Pamidronate versus observation in asymptomatic myeloma: final results with long-term follow-up of a randomized study.
Author(s): D'Arena G, Gobbi PG, Broglia C, Sacchi S, Quarta G, Baldini L, Iannitto E, Falcone A, Guariglia R, Pietrantuono G, Villani O, Martorelli MC, Mansueto G, Sanpaolo G, Cascavilla N, Musto P
Affiliation(s): Hematology and Stem Cell Transplantation Unit, IRCCS Casa Sollievo della Sofferenza Hospital, S. Giovanni Rotondo, Italy.
Publication date & source: 2011-05, Leuk Lymphoma., 52(5):771-5. Epub 2011 Feb 8.
Publication type: Clinical Trial, Phase III; Multicenter Study; Randomized Controlled Trial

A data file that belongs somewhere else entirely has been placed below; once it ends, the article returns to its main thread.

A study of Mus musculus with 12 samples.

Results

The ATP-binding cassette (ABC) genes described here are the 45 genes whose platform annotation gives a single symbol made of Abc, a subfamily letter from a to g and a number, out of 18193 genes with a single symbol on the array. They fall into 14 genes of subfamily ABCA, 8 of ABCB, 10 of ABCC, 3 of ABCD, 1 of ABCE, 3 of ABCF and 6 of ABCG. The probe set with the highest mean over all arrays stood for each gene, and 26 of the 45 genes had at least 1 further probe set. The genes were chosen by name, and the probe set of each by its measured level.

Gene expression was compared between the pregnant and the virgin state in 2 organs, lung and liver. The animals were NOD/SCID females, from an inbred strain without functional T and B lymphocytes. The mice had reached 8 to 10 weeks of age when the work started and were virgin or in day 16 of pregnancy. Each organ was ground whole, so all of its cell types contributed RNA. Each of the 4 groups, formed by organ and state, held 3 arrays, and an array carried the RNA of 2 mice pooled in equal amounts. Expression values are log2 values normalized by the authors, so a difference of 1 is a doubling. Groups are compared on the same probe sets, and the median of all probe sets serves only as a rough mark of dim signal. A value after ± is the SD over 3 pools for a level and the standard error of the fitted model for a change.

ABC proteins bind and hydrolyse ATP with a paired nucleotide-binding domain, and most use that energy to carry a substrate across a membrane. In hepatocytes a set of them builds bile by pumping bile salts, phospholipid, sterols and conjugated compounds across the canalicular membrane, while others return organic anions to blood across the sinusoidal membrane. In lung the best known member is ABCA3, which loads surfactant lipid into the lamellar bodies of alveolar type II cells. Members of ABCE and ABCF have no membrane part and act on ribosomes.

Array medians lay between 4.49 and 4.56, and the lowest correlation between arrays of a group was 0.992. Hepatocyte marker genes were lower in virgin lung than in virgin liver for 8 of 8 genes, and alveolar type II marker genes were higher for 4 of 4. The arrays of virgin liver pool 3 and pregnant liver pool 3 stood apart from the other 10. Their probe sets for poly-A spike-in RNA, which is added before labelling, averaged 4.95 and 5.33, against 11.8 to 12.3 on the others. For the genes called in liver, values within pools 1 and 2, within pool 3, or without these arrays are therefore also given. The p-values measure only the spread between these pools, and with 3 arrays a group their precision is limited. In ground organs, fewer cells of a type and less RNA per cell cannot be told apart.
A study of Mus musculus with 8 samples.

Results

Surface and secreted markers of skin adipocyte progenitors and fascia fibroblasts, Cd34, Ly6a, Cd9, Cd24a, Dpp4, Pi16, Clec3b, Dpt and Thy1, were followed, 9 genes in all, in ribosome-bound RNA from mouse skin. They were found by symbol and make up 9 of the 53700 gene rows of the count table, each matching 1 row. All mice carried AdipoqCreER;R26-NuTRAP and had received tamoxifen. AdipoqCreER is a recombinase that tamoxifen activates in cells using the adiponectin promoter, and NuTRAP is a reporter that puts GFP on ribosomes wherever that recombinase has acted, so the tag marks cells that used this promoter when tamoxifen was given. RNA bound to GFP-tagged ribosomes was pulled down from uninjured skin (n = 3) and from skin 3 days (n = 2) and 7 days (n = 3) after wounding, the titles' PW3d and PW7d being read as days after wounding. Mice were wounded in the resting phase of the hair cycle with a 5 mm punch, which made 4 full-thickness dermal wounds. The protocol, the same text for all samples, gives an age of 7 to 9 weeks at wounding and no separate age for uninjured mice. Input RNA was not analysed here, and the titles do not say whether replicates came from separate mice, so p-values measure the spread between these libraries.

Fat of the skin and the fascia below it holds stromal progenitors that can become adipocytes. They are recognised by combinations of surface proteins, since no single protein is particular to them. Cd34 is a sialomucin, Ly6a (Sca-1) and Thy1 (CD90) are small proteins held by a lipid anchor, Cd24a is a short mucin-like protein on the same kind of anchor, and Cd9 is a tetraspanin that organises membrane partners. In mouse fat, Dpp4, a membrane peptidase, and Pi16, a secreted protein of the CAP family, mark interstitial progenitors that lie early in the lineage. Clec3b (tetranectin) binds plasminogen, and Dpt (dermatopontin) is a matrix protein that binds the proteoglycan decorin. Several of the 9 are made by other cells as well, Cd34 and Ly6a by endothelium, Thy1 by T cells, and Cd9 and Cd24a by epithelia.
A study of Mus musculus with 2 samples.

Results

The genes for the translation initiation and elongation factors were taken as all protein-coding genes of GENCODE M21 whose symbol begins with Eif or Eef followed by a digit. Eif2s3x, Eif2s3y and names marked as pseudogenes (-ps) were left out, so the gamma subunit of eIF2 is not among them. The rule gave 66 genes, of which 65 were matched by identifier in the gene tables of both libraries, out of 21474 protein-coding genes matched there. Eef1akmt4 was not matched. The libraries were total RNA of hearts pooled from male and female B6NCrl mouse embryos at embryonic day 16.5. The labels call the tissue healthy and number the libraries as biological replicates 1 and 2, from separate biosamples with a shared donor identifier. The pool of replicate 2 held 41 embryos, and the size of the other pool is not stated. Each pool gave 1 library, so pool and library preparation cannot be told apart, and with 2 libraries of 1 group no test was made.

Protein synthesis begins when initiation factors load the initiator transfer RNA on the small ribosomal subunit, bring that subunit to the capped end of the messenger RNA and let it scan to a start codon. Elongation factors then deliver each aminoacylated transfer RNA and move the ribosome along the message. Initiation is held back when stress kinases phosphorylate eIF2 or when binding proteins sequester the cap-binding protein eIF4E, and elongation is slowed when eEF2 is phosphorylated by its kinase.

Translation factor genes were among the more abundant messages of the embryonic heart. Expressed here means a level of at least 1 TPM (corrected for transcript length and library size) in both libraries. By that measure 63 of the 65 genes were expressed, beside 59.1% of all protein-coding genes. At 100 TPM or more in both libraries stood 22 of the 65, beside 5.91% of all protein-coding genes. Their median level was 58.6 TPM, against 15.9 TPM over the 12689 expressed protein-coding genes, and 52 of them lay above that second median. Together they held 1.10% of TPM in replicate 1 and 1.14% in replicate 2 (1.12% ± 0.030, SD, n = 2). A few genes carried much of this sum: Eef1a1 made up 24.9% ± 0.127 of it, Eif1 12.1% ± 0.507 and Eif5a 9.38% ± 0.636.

A prospective, multicenter, randomized trial comparing pamidronate administration (60-90 mg once a month for 1 year) versus simple observation in 177 patients with asymptomatic myeloma was performed to explore whether the administration of this drug reduces the rate of and/or the time to progression to overt, symptomatic disease. No relevant side effects were recorded in pamidronate-treated patients. With a minimum follow-up of 5 years for live patients, there were 56/89 (62.9%) progressions in the pamidronate-treated group and 55/88 (62.5%) within the controls (p = NS). Median time to progression was 46 and 48 months, respectively (p = NS). Overall survival was also similar between the two groups. Skeletal-related events at the time of progression were observed in 40/55 (72.7%) controls, but only in 22/56 (39.2%) pamidronate-treated patients (p = 0.009). In conclusion, the administration of pamidronate in asymptomatic myeloma, while reducing bone involvement at progression, did not decrease the risk of transformation and the time to progression into overt myeloma.